Tennis: 'Aussie Kim' finds it's tough to say goodbye

World No 5 Kim Clijsters says emotions will play a big part when she launches her final Australian Open campaign before an adoring crowd at Melbourne's Rod Laver Arena.

The 23-year-old will retire at the end of the year to start a family and settle down with future husband, American basketball player Brian Lynch, in her native Belgium.

Clijsters said she would be sad to play for the last time in Melbourne, where she has always enjoyed a strong following and was once known as "Aussie Kim" when engaged to local hero Lleyton Hewitt.

The tournament fourth seed said she was drinking in all the details of her farewell appearance in Melbourne, where she made the final in 2004 and reached the semifinals three times.

"It's very special," she said. "I think you appreciate it so much more. Not just the support, but all the details ... like being here in Melbourne, like being in Sydney last week.

"Just saying goodbye at the end of a tournament makes it harder as well ... and not seeing all the people and the friends that I've met throughout the years."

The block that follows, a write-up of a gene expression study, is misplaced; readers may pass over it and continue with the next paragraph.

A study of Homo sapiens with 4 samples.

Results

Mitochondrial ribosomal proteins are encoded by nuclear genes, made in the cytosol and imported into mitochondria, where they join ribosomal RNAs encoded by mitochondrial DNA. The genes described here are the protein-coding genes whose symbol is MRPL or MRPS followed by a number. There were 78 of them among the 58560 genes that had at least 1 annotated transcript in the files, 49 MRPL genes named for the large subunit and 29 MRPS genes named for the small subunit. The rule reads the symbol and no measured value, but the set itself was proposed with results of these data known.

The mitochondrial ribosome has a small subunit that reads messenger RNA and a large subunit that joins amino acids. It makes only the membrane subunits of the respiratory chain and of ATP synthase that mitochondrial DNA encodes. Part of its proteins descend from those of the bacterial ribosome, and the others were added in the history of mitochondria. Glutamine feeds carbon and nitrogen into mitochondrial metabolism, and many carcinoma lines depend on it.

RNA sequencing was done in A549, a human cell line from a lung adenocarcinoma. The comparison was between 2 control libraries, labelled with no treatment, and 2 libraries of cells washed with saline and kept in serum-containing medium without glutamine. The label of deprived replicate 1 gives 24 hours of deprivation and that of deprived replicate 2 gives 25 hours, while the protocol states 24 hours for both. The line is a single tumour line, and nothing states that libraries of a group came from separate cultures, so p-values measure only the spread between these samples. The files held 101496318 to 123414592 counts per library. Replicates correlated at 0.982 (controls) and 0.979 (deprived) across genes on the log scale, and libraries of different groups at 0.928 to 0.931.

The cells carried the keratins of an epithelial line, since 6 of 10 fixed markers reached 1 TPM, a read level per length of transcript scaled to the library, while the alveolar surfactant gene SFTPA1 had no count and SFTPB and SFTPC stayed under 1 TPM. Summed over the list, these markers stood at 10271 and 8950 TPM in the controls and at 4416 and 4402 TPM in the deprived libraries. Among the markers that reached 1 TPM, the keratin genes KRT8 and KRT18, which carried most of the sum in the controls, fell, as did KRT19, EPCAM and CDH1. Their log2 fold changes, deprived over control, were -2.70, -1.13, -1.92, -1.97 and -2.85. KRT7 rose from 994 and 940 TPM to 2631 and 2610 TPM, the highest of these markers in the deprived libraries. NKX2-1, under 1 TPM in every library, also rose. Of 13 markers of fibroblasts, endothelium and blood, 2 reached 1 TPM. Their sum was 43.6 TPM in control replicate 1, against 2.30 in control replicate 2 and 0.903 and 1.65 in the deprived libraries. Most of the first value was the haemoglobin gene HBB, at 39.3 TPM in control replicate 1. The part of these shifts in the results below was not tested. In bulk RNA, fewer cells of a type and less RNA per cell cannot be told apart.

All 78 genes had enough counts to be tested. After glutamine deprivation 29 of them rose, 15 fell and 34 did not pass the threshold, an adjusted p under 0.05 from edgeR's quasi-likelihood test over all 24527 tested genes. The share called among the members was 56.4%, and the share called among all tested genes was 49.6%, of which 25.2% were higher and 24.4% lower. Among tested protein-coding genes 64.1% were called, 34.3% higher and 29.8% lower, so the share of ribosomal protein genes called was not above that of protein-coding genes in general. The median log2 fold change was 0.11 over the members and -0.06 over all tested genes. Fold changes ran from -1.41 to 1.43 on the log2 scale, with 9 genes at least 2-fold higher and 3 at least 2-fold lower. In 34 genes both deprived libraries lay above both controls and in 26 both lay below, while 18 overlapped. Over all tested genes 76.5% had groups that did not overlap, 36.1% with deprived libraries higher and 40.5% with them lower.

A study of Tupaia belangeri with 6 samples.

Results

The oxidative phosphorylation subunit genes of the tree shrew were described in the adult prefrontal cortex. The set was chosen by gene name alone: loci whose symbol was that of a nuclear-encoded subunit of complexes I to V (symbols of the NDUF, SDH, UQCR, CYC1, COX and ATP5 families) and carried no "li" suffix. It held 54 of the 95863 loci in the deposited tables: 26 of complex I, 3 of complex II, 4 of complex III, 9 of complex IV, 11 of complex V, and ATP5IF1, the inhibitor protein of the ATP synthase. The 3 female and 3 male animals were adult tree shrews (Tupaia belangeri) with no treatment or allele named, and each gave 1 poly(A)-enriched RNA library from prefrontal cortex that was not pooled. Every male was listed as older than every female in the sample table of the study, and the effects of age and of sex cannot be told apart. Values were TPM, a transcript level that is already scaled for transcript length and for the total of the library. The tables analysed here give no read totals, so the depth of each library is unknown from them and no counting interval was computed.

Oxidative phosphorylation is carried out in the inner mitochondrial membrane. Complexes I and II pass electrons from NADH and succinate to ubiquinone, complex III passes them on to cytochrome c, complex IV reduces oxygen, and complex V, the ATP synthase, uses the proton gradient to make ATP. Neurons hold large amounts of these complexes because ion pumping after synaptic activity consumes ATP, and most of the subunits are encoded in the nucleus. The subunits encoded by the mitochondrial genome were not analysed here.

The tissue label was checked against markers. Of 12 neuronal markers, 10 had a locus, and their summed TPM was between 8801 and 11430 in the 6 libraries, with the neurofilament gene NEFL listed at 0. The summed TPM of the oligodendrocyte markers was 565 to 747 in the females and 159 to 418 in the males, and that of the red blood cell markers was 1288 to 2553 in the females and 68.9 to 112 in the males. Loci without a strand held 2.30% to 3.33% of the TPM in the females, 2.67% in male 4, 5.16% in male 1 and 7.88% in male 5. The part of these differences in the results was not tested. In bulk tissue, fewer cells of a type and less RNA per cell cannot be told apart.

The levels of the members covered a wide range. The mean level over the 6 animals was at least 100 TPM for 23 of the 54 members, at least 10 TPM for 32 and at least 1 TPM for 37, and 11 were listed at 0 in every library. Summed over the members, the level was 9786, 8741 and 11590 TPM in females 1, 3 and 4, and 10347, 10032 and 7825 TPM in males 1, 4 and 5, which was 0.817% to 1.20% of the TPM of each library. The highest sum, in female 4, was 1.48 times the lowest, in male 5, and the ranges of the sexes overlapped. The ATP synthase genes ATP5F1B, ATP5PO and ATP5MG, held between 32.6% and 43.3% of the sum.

Clijsters has started the year in sizzling form, winning the Champions Challenge in Hong Kong and last week's Sydney International with a gritty comeback win over Jelena Jankovic.

"It's better than I expected," she said.

"I'm very happy with the way that I played. What I'm more happy with is that I didn't start the [Sydney] tournament off playing great, but, you know, I still felt like I was improving compared to Hong Kong.

"In the finals, I think I started seeing the ball a lot better. That was good to just gradually see myself improve every match."

Clijsters said she wanted to maintain the improvement going into the Open but shied away from any bold predictions about her prospects of claiming a second Grand Slam to go with her 2005 US Open trophy.

"I'm very focused on trying to win, but everything's possible," she said.

"There's 127 other girls trying to do the same thing, I guess. I just have to try to be as ready as possible and we'll see where it ends."

After almost a decade on the tour, Clijsters said her body was telling her it could no longer cope and it was time to hang up her racket.

"After a while, the last couple years, I really started to realise that my body was physically not able to do that any more," she said.

"That's very frustrating to deal with that. It's very hard. I know how well I was able to feel when I played some of my best tennis and how well I felt. Not always having that now is very frustrating."

Clijsters has a tough first round match against Hobart International finalist Vasilisa Bardina of Russia and could meet Martina Hingis in the quarter-finals.